Concerns remain over safety at Halesworth’s barrow crossing
- Credit: Nick Butcher
The pedestrian crossing at Halesworth’s railway station could be at risk of closure again over fears it is still being used in an unsafe manner.
Network Rail’s planned closure of the barrow crossing was put on hold last summer thanks to a vigorous campaign by residents, councillors and Suffolk Coastal MP Therese Coffey, who argued that the 400-metre planned diversion would be too difficult for older or disabled people if the crossing was closed.
Instead, they urged the company to install more safety measures, something Network Rail agreed to do putting up new gates and fencing at the start of the year.
However, following a meeting with representatives from Halesworth Town Council and the East Suffolk Travellers Association, Network Rail has said it will be conducting another user survey in the next few months to see if safety has improved.
A Network Rail spokesman said: “We are working with the local council to encourage safe use of the crossing, however if the crossing is still being used in an unsafe manner we will consider closing it again.”
The spokesman added: “Walking in front of trains as they are approaching the station, even if they are stopping, is incredibly dangerous and can result in serious injury or death. Even when a train is moving slowly, it can take a while for it to come to a complete stop. There is also the risk that someone trips or falls while crossing, particularly if they are rushing in order to get across before the train approaches.”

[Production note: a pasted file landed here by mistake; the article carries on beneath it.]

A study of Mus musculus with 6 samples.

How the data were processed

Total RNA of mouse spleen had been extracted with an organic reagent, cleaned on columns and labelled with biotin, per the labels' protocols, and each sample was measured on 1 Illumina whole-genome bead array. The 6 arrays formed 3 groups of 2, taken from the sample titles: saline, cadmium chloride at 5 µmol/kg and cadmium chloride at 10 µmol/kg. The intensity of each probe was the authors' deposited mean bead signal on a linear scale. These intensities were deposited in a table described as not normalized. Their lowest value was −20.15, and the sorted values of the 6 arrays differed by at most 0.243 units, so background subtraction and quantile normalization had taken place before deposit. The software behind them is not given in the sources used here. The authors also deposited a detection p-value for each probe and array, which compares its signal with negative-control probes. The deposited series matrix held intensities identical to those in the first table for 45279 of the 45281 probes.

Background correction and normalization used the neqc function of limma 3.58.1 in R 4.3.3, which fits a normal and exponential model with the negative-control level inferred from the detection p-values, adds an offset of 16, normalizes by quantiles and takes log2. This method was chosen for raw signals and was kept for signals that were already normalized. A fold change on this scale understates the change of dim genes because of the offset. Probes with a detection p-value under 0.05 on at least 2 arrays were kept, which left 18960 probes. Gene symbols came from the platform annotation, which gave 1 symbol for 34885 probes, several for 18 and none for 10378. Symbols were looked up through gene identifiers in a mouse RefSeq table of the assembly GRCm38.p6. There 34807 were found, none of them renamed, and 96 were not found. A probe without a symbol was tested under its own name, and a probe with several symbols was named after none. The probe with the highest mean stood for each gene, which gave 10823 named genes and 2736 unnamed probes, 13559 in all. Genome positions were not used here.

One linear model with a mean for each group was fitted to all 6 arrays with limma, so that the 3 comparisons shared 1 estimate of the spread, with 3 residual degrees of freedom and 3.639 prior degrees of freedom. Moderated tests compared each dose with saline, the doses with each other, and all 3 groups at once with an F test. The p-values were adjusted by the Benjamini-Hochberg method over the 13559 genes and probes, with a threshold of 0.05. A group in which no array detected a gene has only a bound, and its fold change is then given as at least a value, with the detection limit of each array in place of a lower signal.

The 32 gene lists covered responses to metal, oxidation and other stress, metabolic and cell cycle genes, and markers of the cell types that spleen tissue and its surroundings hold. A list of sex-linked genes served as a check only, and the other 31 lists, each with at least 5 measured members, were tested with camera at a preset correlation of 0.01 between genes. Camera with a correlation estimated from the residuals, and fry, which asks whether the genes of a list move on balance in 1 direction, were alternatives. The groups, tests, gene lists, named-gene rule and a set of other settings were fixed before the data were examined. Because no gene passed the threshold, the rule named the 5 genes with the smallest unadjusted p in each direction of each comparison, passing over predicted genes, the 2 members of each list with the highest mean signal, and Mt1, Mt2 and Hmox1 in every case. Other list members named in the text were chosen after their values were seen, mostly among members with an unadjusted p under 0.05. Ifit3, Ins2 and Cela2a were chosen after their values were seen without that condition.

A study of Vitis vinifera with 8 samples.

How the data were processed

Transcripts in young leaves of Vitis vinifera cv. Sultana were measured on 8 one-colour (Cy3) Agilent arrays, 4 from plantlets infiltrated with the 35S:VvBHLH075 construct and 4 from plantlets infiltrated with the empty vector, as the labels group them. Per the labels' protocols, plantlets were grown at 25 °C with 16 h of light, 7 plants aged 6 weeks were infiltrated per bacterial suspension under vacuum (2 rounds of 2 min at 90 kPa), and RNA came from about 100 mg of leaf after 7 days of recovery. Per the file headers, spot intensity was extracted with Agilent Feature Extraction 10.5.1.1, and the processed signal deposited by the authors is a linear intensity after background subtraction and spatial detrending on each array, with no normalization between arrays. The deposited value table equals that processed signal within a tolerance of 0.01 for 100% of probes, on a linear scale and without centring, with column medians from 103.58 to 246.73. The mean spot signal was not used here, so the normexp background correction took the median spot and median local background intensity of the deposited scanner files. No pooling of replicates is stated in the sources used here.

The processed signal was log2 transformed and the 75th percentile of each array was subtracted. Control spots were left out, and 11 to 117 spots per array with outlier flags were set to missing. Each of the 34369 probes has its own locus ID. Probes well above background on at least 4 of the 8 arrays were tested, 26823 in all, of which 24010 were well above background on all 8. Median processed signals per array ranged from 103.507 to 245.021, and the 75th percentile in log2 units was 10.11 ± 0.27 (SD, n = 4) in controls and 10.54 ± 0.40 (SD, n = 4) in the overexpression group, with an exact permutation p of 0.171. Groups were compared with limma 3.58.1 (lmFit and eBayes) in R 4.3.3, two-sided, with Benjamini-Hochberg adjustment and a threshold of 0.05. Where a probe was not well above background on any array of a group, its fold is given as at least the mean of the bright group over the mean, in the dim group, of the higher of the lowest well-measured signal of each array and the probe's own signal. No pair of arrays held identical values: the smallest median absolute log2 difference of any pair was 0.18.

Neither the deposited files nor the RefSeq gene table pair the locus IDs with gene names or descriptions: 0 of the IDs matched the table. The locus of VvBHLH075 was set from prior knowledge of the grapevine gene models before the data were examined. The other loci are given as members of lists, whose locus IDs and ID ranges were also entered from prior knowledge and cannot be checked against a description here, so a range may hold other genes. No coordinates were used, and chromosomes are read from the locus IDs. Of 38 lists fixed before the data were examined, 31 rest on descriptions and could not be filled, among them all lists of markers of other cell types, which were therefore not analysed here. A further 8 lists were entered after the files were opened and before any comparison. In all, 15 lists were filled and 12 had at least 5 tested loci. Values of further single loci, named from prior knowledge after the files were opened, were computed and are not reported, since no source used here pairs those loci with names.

He said: “Things are improving but like anything it takes people a long time to change their habits.
“We just keep putting the message out there that people must abide by the rules or we will lose the crossing and everyone will face the long trek around which is difficult for older people, those who have difficulty walking, people carrying luggage and mums with pushchairs.”
The East Suffolk Travellers’ Association has carried out its own survey of the foot-crossing over the railway line at Halesworth station.
The survey, which took place from October 30 to November 5, monitored station usage during a time that covered 113 trains over 60 hours, with 750 people using the crossing in that period.
It said 136 walked in front of the Ipswich train while it was stood at the platform, nine did the same in the opposite direction with trains to Lowestoft and six cyclists did not get off their bikes to use the crossing.
However the ESTA observers believe that only two of the points recorded would have been regarded as ‘at risk.’
ESTA is suggesting that extra use of the train horns and the on-board public address system could be additional safety measures. Electronic gates on the platform ends that ensured the gates were locked to prevent use of the crossing when a train was at the platform might also be investigated.
Their findings were sent to Network Rail, Greater Anglia, Halesworth Town Council and Dr Coffey.